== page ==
In the summer of 1996 a ferocious storm descended on K2, the world’s second-highest mountain, engulfing the many climbing teams spread out across its perilous ledges. By the end of August, 13 climbers were dead in what would prove to be the worst season in K2’s history.
The lure of climbing dangerous mountains has always been with us, regardless of how many have died or lost fingers and toes. K2, situated in Pakistan’s Karakoram range, has taken more than its fair share. Though not as high as Everest, K2 is a far harder mountain to climb, requiring technical skill as well as daring and risk. To date, 247 people have reached the summit. Of those, 54 never came back down.
Mick Conefrey deftly takes on K2’s history, focusing on the first successful summiting by an Italian team in 1954 and the bitter fallout that followed.
K2 was first espied by Francis Younghusband in 1887, when he was reconnoitring the northern passes of India as part of the Great Game. But it wasn’t until 1902 that the first expedition set out to climb what already had a reputation as an unclimbable mountain.
The 1902 British expedition was led by none other than Aleister Crowley. Before he became known for his louche lifestyle and occult leanings, Crowley, the son of fundamentalist Christian parents, was one of the most capable and daring climbers of his day. The expedition was hopelessly naive, though, with climbers believing they could summit in a few days, and was rife with fractures and petty argument. Crowley almost quit when he wasn’t allowed to take his personal library up to base camp.
The next attempt was by the Duke of Abruzzi. His party surveyed several ridges as possible routes to the summit but were defeated by endless storms, illness and a porters’ strike.
K2 slipped off the radar for several years due to the Second World War. Afterwards, the partition of India meant K2 was no longer an Indian mountain but a Pakistani one. It wasn’t until 1953 that another serious attempt to scale the peak was mounted. The 1953 expedition included some of America’s best climbers and ran parallel to John Hunt’s Everest expedition on the other side of the Himalayas. When Tenzing Norgay and Edmund Hillary reached the top of the world’s highest mountain, the American team on K2 felt that 1953 was the year in which the great Himalayan giants would topple.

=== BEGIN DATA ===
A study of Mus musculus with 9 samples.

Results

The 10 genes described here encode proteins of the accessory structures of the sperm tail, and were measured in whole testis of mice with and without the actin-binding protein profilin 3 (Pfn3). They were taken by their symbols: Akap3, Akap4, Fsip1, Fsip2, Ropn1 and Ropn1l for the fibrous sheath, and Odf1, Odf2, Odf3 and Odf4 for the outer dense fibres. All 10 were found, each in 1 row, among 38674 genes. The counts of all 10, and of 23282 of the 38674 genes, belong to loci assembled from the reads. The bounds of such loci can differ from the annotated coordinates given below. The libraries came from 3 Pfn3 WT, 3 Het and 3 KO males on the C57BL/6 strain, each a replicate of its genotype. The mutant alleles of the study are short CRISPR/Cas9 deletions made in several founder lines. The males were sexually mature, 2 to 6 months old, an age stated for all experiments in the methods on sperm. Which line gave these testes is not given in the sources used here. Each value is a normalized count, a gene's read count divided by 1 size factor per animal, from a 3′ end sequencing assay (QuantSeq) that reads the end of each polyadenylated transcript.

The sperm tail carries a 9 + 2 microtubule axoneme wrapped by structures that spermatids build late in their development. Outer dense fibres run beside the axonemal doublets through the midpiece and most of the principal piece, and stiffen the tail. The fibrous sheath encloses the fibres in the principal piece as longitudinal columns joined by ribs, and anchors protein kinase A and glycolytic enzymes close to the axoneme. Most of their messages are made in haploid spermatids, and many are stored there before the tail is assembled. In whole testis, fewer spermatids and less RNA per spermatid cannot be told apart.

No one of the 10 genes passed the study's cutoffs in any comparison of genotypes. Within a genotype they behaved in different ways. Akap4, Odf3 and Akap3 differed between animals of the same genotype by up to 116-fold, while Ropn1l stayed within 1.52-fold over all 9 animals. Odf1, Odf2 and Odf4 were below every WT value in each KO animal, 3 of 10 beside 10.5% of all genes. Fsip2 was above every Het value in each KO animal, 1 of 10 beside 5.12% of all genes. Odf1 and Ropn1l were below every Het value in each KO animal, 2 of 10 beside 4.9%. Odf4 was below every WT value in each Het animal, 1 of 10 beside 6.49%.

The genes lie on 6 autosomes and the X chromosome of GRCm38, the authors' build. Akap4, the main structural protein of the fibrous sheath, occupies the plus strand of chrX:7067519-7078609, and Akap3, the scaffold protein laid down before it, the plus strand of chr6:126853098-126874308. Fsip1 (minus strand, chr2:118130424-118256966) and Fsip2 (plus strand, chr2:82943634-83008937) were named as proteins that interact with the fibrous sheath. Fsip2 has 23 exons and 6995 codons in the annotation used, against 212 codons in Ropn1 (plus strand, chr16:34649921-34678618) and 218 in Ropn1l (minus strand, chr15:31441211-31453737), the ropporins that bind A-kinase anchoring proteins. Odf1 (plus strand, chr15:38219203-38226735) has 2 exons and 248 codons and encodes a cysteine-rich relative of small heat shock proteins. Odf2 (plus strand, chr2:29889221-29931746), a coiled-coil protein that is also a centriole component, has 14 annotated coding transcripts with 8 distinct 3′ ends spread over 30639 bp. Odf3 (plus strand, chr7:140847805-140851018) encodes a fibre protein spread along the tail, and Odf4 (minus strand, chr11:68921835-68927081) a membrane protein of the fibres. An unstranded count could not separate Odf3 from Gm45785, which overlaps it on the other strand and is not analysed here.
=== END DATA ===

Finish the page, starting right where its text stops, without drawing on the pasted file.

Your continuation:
Besieged by bad weather and dangerous icefalls, the 1953 team were nevertheless making good progress when Art Gilkey developed thrombophlebitis, a blood clot in the legs. In a show of solidarity and kindness, the 1953 team did what most other teams would not: they gave up their ascent in an attempt to try to save him. The only way to do that was to lower the unconscious Gilkey almost 6,000 feet strapped inside a sleeping bag. This heroic rescue was frustrated when an avalanche cut off Gilkey and he disappeared into the mountain’s icy maw.
In 1954, it was the turn of the Italians. A capable and professional team with much experience in alpine climbing, they brought with them a statue of the Virgin Mary which they enshrined in a nearby ice cave. Two climbers managed to reach the summit and the conquest of K2 was celebrated around the world. But controversies over the climb itself led to decades of bitterness and recrimination between the parties.
There is something exciting and otherworldly about climbing mountains, a feeling of spiritual engagement and existential freedom and, while most of us will never scale such lofty peaks, Conefrey’s book is as close as we can get without having to leave the armchair.